Cardenas brought a putative class action against NBTY and Rexall for selling Osteo-Bi Flex joint health supplements without support for the efficacy claims they made. She alleged violations of the CLRA and UCL as well as breach of express warranty. The court denied defendants’ motion to dismiss.
Cardenas alleged that she read the front, back and sides of the package and, in reliance on the representations, bought the product for her joint pain. But it didn’t help to promote mobility, renew cartilage, maintain healthy connective tissue, or improve joint comfort, as represented. Defendants allegedly promote these benefits as a result of the products’ ingredients, especially the primary active ingredient, glucosamine hydrochloride. This is an amino sugar that the body produces and distributes in cartilage and other connective tissue, but Cardenas alleged that there was no competent and reliable scientific evidence that taking glucosamine (especially orally) leads the body to metabolize it in a way that provides the promised benefits. “Clinical cause and effect studies have found no causative link between glucosamine hydrochloride supplementation and joint renewal or rejuvenation.” She made similar allegations about other ingredients (chondroitin, methylsulfonylmethane, hyaluronic acid, vitamin D, vitamin C, manganese, boron, or collagen).
Most Osteo Bi-Flex products also contain 5–LOXIN Advanced, a concentrated extract of Boswellia Serrata (“AKBA”). (Previous litigation related to the matter.) Defendants claim that AKBA results in “improvement in joint comfort within 7 days,” but Cardenas alleged that there was no competent and reliable scientific evidence that taking AKBA (especially orally) provided the promised benefits, and that clinical cause and effect studies had been “unable to confirm” any relationship between AKBA supplementation and joint renewal or rejuvenation.
The product packages say that two studies support the claim that Osteo Bi-Flex users “show improvement in joint comfort,” but don’t provide information on locating the studies.
Defendants argued that Cardenas lacked standing to bring claims about product varieties she didn’t buy and ads she didn’t view. They also argued that claims of missing substantiation aren’t actionable, and that her allegations about clinical studies were conclusory and didn’t explain what representations were false or misleading.
On standing, the court found her allegations sufficed to allege injury in fact traceable to the defendants’ acts and redressable by a court decision. She at least had standing as to the Regular Strength product she bought and the representations on its packaging. These allegations also satisfied the UCL’s requirement of economic injury—she allegedly lost money on an ineffective product.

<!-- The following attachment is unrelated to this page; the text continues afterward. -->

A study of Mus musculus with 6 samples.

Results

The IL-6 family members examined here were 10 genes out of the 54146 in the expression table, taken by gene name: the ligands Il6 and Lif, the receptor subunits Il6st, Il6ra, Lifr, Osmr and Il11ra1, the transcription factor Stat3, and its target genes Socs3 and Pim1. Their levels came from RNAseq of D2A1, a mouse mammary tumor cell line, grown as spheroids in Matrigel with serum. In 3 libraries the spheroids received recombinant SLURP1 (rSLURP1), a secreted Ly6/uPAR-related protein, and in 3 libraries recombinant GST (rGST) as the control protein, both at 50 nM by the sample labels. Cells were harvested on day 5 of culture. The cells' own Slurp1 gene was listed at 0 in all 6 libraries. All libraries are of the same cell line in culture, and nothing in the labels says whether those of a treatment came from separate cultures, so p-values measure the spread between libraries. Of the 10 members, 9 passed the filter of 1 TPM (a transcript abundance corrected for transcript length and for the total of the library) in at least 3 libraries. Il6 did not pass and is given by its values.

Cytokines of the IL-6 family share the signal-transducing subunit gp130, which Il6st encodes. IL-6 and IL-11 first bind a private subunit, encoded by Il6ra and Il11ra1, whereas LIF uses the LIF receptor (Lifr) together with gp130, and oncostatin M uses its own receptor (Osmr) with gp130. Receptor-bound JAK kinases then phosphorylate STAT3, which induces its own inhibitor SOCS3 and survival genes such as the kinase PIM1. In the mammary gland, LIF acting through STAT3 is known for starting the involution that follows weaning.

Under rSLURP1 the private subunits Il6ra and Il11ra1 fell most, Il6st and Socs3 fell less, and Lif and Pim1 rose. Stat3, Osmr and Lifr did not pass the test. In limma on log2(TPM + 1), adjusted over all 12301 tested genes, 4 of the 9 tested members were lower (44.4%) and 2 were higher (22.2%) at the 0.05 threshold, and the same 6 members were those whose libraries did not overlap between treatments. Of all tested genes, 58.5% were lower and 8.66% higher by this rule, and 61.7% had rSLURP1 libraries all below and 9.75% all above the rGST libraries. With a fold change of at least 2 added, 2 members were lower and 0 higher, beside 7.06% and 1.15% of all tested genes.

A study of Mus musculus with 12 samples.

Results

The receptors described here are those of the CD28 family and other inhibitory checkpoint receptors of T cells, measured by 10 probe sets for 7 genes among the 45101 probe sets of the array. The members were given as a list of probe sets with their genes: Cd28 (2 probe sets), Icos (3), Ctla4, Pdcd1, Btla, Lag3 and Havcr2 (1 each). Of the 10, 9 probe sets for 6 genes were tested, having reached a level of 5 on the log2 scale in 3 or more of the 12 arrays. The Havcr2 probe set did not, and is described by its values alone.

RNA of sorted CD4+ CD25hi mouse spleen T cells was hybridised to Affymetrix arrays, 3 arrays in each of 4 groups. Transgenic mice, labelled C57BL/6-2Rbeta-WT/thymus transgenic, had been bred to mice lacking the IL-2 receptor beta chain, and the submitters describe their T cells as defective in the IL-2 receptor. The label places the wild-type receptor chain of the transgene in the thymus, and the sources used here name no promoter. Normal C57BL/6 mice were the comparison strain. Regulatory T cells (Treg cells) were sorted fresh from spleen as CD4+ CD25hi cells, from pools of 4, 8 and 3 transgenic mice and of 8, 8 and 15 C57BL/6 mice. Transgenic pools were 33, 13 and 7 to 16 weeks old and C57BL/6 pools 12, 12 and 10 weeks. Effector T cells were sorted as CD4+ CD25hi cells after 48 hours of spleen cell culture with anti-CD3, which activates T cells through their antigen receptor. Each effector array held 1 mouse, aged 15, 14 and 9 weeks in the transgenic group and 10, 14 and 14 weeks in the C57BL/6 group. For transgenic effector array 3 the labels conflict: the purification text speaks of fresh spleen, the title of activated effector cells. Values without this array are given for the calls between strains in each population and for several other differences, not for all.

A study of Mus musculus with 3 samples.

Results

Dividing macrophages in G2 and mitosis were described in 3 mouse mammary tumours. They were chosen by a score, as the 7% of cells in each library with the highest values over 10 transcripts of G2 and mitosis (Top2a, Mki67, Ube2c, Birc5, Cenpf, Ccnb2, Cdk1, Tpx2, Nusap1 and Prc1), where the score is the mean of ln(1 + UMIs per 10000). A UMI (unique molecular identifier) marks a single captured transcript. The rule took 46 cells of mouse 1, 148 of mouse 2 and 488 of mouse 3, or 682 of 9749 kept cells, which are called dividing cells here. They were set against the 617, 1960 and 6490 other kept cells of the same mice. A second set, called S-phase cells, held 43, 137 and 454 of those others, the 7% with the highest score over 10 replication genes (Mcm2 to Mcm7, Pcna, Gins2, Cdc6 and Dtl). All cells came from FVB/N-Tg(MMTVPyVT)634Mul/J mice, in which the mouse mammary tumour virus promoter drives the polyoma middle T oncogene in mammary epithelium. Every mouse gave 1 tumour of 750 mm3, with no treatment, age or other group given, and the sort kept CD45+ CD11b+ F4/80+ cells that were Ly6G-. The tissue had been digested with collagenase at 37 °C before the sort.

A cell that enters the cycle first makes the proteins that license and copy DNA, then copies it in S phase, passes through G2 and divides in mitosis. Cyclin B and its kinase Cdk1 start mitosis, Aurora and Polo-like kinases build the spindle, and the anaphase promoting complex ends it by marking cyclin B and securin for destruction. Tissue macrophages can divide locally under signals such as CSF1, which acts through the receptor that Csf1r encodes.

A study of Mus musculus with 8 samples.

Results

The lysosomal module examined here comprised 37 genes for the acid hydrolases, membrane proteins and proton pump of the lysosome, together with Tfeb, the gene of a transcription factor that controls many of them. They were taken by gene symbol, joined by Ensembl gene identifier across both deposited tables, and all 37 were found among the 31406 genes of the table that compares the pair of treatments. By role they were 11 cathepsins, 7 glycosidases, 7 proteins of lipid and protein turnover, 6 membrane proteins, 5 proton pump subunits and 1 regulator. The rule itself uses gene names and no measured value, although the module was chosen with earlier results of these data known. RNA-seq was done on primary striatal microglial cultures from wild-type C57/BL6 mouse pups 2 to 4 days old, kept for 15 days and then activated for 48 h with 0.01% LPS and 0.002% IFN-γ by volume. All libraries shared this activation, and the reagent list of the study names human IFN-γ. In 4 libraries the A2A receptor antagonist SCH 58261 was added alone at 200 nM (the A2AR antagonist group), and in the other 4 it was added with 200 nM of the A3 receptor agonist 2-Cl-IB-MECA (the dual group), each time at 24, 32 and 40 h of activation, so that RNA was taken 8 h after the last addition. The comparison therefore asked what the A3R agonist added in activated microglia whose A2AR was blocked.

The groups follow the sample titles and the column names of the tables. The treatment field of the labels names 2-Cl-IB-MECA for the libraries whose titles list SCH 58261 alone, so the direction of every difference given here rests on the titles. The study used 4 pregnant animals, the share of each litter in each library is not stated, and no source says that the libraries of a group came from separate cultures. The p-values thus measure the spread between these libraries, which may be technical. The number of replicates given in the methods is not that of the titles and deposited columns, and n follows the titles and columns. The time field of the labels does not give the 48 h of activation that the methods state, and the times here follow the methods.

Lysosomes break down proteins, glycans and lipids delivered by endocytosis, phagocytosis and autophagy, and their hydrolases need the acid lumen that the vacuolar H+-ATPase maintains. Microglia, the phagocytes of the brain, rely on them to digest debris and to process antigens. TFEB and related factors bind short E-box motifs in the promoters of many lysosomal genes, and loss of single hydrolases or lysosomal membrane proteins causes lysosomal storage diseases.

What about standing for other products/ads? Some cases say there’s no standing to sue based on such things, but other cases take a different approach, asking in traditional class action style whether the claims have the same core factual allegations and causes of action. This is right: if we both saw the same claim, it shouldn’t matter for standing that you saw it on TV and I saw it in the newspaper any more than it should matter if I saw it on my copy of the newspaper and you saw it in yours. The treatises and the vast weight of authority are in agreement here: “whether a class representative may be allowed to present claims on behalf of others who have similar, but not identical, interests depends not on standing, but on an assessment of typicality and adequacy of representation.” Thus, Cardenas had standing to assert her UCL and CLRA claims based on her purchase of Osteo Bi-Flex Regular Strength “and the product’s more general representations that its line of Osteo Bi-Flex products, which ostensibly share many similarities in ingredients, ‘improve mobility,’ ‘improve joint comfort,’ and ‘support[ ] renewal of cartilage.’” Rule 23 analysis would determine whether she could present claims on behalf of purchasers of other Osteo Bi-Flex products.
Next, the court turned to Rule 9(b), which the Ninth Circuit has held applies to CLRA and UCL claims where a plaintiff alleges that a defendant engaged in fraudulent conduct. Cardenas specifically asserted that defendants failed to disclose material facts when they knew or should have known that the representations were unsubstantiated, and these were allegations sounding in fraud. Cardenas didn’t allege scienter as an inherent part of her UCL claim, but it was difficult for the court to distinguish which parts of her UCL claim sounded in fraud and the court ultimately found that the UCL claim as a whole also needed to meet Rule 9(b)’s standards, even though not all claims of false advertising are necessarily grounded in fraud. In any event, the court found that the complaint sufficiently alleged nondisclosure and scienter, and she alleged justifiable reliance and resulting damage as well. The allegation that clinical cause and effect studies had found no link between the individual ingredients and the purported benefits of Osteo Bi-Flex was sufficient on falsity, since defendants’ representations seemed to be based at least in part on the asserted efficacy of individual ingredients. If Cardenas’s claims about the studies are true, “then it stands to reason that Defendants' representations that AKBA ‘help[s] with joint flare-ups’ are actually false. Because Defendants bolster their overarching claims of joint benefits by referring to the importance and efficacy of a particular ingredient which, if Plaintiff is to be believed, has no actual joint benefits, then Defendants' overarching claims are most likely false as well.” It was the same with the other ingredients. The complaint provided defendants of sufficient notice of the alleged fraud, allowing them to prepare an adequate defense.